Inspired by the sign hanging in Venice, CA and vintage carnival signs, I decided to make a light-up banner for my wedding (which is 5 months away as of tomorrow!). We’re having a non-denominational ceremony and have decided to add a couple of personal touches to the ceremony, this sign being one of them. The sign will remain dark until we’re officially wed, and then we’ll turn it on using a foot switch.
Here’s how to make one of your own:
Gather your supplies: set of 100 LED Christmas lights, an old cardboard box, straight pins, all of the letters you’ll need (I printed mine from the computer, but you could stencil them too), x-acto knife, sharpened pencil (non-mechanical), scissors, floral wire, wire cutter
Cut out your letters and straight pin them to your cardboard. I folded one of the former tops of my cardboard box under the cardboard to which I was pinning my letters to protect my work surface.
Using an x-acto knife, cut around your letters, but don’t cut through the entire sheet of cardboard. Just cut through the top few layers. If you’ve got stencils, the above process is much less complicated. Just trace and go over your traced lines with an x-acto knife, cutting only the top few cardboard layers.
Cut around the outside edges of your cardboard using a scissors. The complicated step comes next when cutting out characters, like an ampersand or a “d” for instance, that involve cutting out pieces from their centers.
Poke holes all the way through your cardboard using the x-acto knife. Flip your letter-in-progress over and connect the dots using your knife to finish cutting out your letters. Check out the three pictures on the left above for guidance.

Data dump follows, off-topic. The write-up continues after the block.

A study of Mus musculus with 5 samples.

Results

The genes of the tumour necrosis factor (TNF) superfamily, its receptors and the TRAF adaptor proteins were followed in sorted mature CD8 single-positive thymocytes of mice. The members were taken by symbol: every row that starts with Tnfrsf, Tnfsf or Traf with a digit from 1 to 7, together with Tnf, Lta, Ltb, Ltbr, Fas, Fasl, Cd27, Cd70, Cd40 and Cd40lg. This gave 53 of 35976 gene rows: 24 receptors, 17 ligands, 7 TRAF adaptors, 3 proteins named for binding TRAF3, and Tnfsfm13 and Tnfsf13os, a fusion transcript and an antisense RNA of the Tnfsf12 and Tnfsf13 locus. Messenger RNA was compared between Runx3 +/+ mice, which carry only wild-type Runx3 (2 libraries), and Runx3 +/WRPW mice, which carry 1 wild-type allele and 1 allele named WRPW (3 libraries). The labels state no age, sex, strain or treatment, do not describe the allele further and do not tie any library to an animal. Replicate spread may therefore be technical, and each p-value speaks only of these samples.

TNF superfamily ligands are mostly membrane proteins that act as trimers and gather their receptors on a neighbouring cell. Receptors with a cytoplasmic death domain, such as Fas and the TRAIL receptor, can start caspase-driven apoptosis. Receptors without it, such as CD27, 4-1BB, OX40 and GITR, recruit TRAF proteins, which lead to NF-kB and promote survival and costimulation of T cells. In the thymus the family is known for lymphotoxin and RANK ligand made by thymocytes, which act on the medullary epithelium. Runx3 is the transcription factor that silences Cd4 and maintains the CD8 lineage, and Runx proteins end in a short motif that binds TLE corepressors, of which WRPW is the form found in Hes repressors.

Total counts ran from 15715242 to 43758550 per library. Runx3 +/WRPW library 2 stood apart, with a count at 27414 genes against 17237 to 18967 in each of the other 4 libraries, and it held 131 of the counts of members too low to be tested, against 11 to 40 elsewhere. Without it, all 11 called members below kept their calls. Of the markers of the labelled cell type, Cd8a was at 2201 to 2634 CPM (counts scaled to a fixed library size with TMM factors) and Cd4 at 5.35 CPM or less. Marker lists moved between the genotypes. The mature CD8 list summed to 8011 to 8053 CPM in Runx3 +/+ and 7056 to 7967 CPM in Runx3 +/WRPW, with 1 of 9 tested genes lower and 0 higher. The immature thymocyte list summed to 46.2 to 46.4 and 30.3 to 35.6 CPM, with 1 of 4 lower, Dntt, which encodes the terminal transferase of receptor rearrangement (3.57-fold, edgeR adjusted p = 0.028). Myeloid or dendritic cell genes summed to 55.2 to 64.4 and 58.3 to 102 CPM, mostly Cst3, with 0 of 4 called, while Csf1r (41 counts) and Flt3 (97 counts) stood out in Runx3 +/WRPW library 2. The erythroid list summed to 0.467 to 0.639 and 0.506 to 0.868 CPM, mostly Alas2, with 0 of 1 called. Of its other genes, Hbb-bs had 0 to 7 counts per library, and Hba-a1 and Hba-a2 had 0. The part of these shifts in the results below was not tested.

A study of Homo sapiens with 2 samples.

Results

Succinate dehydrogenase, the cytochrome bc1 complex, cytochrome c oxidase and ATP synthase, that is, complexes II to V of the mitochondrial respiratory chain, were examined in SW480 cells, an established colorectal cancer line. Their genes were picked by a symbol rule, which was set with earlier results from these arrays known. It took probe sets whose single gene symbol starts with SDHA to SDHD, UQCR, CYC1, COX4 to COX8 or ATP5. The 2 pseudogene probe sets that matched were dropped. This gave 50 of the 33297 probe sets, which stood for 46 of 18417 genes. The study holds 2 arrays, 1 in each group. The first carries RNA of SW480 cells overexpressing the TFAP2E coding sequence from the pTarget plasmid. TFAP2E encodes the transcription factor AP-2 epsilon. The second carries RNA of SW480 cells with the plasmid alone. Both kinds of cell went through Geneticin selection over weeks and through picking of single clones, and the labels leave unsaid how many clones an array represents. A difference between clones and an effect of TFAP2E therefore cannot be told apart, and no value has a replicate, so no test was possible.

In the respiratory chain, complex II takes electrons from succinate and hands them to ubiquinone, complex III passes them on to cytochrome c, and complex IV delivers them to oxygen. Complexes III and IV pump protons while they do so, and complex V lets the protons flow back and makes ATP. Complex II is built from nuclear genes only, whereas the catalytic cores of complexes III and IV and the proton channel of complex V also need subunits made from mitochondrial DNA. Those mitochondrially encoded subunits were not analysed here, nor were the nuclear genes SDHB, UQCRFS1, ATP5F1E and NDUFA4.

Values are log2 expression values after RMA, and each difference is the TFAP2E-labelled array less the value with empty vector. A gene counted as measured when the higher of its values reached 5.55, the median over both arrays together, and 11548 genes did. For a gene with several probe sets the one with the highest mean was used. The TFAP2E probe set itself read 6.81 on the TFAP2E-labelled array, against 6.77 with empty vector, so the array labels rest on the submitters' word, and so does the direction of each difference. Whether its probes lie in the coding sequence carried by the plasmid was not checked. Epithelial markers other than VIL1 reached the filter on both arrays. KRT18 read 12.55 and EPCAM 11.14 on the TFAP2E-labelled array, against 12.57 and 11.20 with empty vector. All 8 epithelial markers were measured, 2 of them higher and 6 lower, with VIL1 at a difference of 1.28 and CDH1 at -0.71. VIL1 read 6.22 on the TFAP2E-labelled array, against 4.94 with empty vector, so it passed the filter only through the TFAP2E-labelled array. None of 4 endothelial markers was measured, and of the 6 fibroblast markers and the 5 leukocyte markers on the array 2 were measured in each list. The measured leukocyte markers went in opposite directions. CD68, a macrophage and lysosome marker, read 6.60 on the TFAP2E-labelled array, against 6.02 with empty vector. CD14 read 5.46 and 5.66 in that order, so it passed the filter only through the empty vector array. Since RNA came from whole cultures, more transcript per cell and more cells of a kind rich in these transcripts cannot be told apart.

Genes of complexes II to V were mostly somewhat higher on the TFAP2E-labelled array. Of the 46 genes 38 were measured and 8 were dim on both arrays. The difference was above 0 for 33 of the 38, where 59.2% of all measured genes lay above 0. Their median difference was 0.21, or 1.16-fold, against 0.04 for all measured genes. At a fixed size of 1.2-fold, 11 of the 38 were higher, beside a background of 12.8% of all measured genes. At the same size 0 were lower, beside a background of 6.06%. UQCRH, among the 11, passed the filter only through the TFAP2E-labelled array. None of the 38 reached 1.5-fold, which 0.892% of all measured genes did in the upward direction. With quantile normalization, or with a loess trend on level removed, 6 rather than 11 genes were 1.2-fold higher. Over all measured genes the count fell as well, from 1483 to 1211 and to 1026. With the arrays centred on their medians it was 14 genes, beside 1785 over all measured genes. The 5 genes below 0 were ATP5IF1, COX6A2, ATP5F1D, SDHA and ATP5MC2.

Using straight pins, poke holes through your cardboard where you’d like a light to go.
Flip your letter over. Using the x-acto knife, poke tiny crosses through your cardboard letter from the back to the front. Then, use your pencil to enlarge the holes. Poke your Christmas lights from the back through to the front.
Once your lights are all in place, you’ll probably notice that it’s hard to get your letters to stay in place. I had some floral wire lying around from when I made my bouquet. Thread your letters like beads on a necklace using the floral wire. Use two separate pieces of wire, threading the letters at both approximately an inch from the top and bottom of your letters (see right-hand picture above). The cool thing about using an old box is that the cardboard is corrugated, so threading the letters really is just like threading a giant bead on a string.
You’re all done! The finished product is a little heavy, so be careful when you hang it. I mounted mine to a piece of spare wood with staples and hung it with eye screws. In all honesty the LED lights are so bright, it didn’t matter what the thing it hung on looked like.